Effectiveness of strengthened stimulation during acupuncture for the treatment of allergic rhinitis: study protocol for a randomized controlled trial
1 Chengdu University of Traditional Chinese Medicine, No.37 Twelve Bridge Road, Chengdu, Sichuan Province 610072, China
2 Department of Otorhinolaryngology, Head and Neck Surgery of the Teaching Hospital of Chengdu University of Traditional Chinese Medicine, No.39 Twelve Bridge Road, Chengdu, Sichuan Province 610072, China
Trials 2014, 15:301 doi:10.1186/1745-6215-15-301Published: 24 July 2014
The traditional Chinese theory of acupuncture emphasizes that the intensity of acupuncture must reach a threshold to generate de qi (a specific and compound sensation during the acupuncture), which is necessary to achieve the best therapeutic effect. However, the notion that de qi must be achieved for maximum benefit has not been confirmed by modern scientific evidence. This study aims to compare the efficacy of acupuncture with either strong (intended to elicit de qi) or weak stimulation among patients with allergic rhinitis.
This study compares real versus sham acupuncture in 140 patients with a history of persistent allergic rhinitis (PER) or intermittent allergic rhinitis (IAR) and with a positive skin prick test (SPT). The trial will be conducted in the Teaching Hospital of Chengdu University of Traditional Chinese Medicine (China). In the study, patients will be randomly assigned into two groups by computer-generated randomization and assessed prior to treatment. They will then receive 12 sessions of treatments for 4 consecutive weeks and have a follow-up phase lasting 12 weeks. The main outcome measures include the primary and secondary indicators. Primary indicators are subjective symptoms scores as evaluated by visual analogue scales (VAS), rhinoconjunctivitis quality of life questionnaires (RQLQ), and the Modified Massachusetts General Hospital acupuncture sensation scale, Chinese version (C-MMASS). The secondary indicators are the results of laboratory examinations, such as serum allergen-specific immunoglobulin E (sIgE) nasal inflammatory cells counts (mast cells, eosinophils, and T cells), and nitric oxide concentration in nasal excretion. The use of anti-allergic medication will also be recorded as one of the secondary indicators. Furthermore, adverse events will be recorded and analyzed. Intention-to-treat analysis (ITT) and per-protocol (PP) analysis will be performed to test and verify the results in this trial.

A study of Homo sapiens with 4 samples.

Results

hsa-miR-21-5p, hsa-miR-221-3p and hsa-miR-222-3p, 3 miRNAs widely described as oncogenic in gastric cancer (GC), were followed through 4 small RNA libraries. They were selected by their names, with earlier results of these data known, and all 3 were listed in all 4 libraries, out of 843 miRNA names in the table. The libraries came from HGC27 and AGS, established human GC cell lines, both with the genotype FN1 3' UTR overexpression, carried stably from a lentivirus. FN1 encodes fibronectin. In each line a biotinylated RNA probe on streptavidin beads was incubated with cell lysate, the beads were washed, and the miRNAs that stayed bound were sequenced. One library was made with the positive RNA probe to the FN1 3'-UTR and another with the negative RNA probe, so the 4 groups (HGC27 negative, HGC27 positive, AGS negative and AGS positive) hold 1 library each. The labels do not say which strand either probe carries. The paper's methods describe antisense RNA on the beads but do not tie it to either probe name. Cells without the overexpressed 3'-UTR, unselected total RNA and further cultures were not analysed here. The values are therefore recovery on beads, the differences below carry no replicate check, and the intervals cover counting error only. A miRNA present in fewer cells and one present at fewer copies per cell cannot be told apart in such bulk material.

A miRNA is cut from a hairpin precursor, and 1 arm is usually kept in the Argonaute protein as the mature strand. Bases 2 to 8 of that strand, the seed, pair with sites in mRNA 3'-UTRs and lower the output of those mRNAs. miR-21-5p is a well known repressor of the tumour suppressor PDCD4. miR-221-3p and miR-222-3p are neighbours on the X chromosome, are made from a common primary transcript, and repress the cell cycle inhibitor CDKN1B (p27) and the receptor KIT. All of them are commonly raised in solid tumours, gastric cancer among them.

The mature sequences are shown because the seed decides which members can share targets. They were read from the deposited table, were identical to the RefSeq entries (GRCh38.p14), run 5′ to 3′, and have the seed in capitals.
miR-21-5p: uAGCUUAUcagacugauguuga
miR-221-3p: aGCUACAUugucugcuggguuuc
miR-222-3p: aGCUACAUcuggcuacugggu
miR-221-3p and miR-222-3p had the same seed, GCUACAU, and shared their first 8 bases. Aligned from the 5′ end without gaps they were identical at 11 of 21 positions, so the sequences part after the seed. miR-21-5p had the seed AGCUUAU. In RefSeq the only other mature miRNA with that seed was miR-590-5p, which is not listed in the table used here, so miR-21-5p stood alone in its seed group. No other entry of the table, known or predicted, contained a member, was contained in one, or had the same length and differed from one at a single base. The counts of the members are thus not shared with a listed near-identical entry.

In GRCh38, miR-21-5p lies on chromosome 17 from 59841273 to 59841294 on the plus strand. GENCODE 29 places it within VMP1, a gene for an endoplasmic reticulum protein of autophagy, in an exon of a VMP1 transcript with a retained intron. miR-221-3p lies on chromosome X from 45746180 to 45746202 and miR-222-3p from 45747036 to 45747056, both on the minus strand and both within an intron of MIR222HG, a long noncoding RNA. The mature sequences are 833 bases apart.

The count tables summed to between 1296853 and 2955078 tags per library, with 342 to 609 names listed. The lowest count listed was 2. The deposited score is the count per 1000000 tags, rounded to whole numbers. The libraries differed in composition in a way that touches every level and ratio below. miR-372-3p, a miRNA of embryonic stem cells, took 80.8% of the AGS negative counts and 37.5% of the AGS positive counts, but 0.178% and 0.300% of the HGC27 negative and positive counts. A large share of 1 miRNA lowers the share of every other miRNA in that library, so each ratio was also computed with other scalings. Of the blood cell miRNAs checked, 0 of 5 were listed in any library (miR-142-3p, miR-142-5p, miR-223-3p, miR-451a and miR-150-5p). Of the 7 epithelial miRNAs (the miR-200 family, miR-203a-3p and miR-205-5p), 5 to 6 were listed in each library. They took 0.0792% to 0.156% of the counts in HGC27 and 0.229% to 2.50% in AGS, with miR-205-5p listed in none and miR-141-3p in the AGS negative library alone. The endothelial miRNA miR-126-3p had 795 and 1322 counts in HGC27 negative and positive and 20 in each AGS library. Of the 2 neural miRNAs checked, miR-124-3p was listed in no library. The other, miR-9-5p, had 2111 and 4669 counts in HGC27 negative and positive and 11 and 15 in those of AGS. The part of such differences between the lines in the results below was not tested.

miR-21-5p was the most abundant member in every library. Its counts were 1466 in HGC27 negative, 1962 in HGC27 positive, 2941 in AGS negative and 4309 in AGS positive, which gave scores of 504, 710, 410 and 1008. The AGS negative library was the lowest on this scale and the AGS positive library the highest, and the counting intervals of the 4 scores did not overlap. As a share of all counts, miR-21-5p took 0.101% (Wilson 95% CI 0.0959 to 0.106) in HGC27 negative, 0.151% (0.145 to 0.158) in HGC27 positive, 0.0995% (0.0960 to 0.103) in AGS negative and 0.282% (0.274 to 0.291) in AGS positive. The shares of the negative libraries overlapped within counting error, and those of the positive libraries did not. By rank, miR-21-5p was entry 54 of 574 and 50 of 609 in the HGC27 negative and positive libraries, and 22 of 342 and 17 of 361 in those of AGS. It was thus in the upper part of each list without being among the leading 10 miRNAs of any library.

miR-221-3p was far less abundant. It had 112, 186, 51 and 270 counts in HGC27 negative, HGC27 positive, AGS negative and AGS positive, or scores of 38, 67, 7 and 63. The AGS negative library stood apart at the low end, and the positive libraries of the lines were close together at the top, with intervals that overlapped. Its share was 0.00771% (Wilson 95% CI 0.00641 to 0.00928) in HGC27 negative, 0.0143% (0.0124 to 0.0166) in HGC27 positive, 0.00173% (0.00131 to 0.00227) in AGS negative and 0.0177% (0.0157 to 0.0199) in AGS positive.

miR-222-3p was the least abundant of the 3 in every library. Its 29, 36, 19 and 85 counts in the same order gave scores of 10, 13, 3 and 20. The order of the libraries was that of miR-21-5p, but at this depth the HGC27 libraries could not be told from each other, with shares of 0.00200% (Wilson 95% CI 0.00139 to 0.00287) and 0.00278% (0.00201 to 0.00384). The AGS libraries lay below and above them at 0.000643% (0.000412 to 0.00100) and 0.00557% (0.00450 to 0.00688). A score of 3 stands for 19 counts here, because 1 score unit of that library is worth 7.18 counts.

The results of this trial will demonstrate the efficacy of using acupuncture to treat allergic rhinitis and verify whether the effectiveness of acupuncture is related to the needle sensation de qi.
Chinese Clinical Trial Registry: ChiCTR-TRC-13003594 (registered on 16 August 2013, and the first patient was randomized on 27 September 2013).